Honourable People: Gary Oldman Talks Smiley Sequel
In a web chat at Empire Online (via Dark Horizons), Gary Oldman elaborated on his recent comments about a follow-up to the critical darling Tinker Tailor Soldier Spy. The next book in John Le Carré's "Karla Trilogy" is The Honourable Schoolboy, but the BBC skipped that one in the early Eighties and elected to skip that one (for budgetary reasons regarding Schoolboy's Far East locations) and go straight to the third book, Smiley's People for their second miniseries starring Alec Guinness. There's been speculation that the producers of the new Tinker Tailor would follow the same strategy, and hope on the part of fans (myself included) that they would adapt Schoolboy for the first time. Oldman seems to believe that the plan is really a little bit of both.
When asked if he'd consider reprising the role for an adaptation of either of those books, the actor said, "I would think that they may put those two together. I don't think they would make The Honourable Schoolboy on its own. My guess would be that it would be a composite, an amalgamation of the two, and they would call it Smiley's People." He added, "I would hope that Peter Straughan [co-screenwriter of Tinker Tailor with his late wife] will write the screenplay and Tomas Alfredson would return as the director, but I would love to revisit the role." Hm. Well, if they do skip directly to Smiley's People, then it would be nice if they included a few key scenes from Schoolboy. But both of those are thick books full of rich characters and complex plots. You lose enough already compressing just one book into a two-hour feature (as opposed to a seven-hour miniseries, as the Beeb made); I feel like we'd lose out on way too much good material if they compressed those two novels into a single film! The reason for the anti-Schoolboy sentiment is probably due to the fact that George Smiley (the character Oldman plays) is not the lead in The Honourable Schoolboy. But he's no bit part, either. Smiley still occupies about half of the nearly 600-page narrative! However, we don't really get into his head the way we do in People. Instead, we see him through Peter Guillem's Dr. Watson-ish eyes, never quite understanding what he's up to. (Benedict Cumberbatch plays Guillem in Tinker Tailor.) All of that could easily be changed in the process of adapting the massive tome down into a screenplay. Le Carré provides more than enough material to make Smiley the lead if that were the tack they wanted to take. Personally, I really, really hope they do. I want to see a movie of The Honourable Schoolboy! (Then Smiley's People, of course.)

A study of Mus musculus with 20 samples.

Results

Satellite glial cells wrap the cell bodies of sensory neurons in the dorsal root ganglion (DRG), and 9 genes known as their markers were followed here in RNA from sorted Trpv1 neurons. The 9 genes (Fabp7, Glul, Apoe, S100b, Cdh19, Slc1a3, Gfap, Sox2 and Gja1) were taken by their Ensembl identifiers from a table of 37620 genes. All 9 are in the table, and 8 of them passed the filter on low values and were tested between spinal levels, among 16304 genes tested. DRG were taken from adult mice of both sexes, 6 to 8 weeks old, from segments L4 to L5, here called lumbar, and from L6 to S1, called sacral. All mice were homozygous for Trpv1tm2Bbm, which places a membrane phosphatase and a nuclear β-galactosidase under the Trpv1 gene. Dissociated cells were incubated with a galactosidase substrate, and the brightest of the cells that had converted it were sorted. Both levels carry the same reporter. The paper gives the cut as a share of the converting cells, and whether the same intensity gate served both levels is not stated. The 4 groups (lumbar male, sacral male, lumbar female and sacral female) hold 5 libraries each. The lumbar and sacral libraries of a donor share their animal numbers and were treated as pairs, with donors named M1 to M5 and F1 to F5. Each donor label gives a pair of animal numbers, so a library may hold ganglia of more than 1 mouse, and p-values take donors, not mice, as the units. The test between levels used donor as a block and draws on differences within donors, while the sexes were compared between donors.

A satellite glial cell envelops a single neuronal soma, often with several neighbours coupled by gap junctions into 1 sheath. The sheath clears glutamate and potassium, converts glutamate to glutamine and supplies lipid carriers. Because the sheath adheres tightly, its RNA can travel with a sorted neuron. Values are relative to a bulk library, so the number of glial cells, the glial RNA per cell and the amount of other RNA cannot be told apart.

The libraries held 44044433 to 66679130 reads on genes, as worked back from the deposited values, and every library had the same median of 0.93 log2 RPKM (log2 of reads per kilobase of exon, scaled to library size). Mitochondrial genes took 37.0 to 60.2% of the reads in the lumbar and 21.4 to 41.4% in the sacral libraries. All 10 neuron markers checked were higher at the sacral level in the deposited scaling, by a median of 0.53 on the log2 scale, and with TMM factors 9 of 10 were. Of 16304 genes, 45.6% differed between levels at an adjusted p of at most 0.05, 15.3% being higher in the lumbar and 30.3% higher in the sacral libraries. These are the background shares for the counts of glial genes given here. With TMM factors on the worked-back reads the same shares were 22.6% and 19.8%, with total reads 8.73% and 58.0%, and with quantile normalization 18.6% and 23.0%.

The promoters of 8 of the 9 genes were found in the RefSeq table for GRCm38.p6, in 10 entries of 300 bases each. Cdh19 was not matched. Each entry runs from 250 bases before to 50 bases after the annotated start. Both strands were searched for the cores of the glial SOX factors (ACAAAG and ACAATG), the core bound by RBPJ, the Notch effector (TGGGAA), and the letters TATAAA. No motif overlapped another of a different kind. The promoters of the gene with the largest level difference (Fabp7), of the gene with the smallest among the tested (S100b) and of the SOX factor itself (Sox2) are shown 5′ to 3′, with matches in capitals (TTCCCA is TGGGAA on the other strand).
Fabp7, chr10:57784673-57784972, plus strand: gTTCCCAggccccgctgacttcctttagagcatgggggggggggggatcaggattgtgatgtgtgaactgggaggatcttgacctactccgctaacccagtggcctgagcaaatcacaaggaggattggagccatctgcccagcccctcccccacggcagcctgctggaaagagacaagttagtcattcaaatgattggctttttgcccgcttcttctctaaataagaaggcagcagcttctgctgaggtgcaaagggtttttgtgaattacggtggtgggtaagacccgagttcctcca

In any case, we may know more soon. Tinker Tailor has been a big success in Britain, and The Guardian's Jason Solomons reports, "A source at StudioCanal, the new-look European production and distribution powerhouse who financed Tinker Tailor, tells me they are keen to make Smiley their first franchise (he pops up in as many as eight Le Carré novels). I can reveal that a big announcement is expected in Paris next week - it's likely to be good news for Gary Oldman."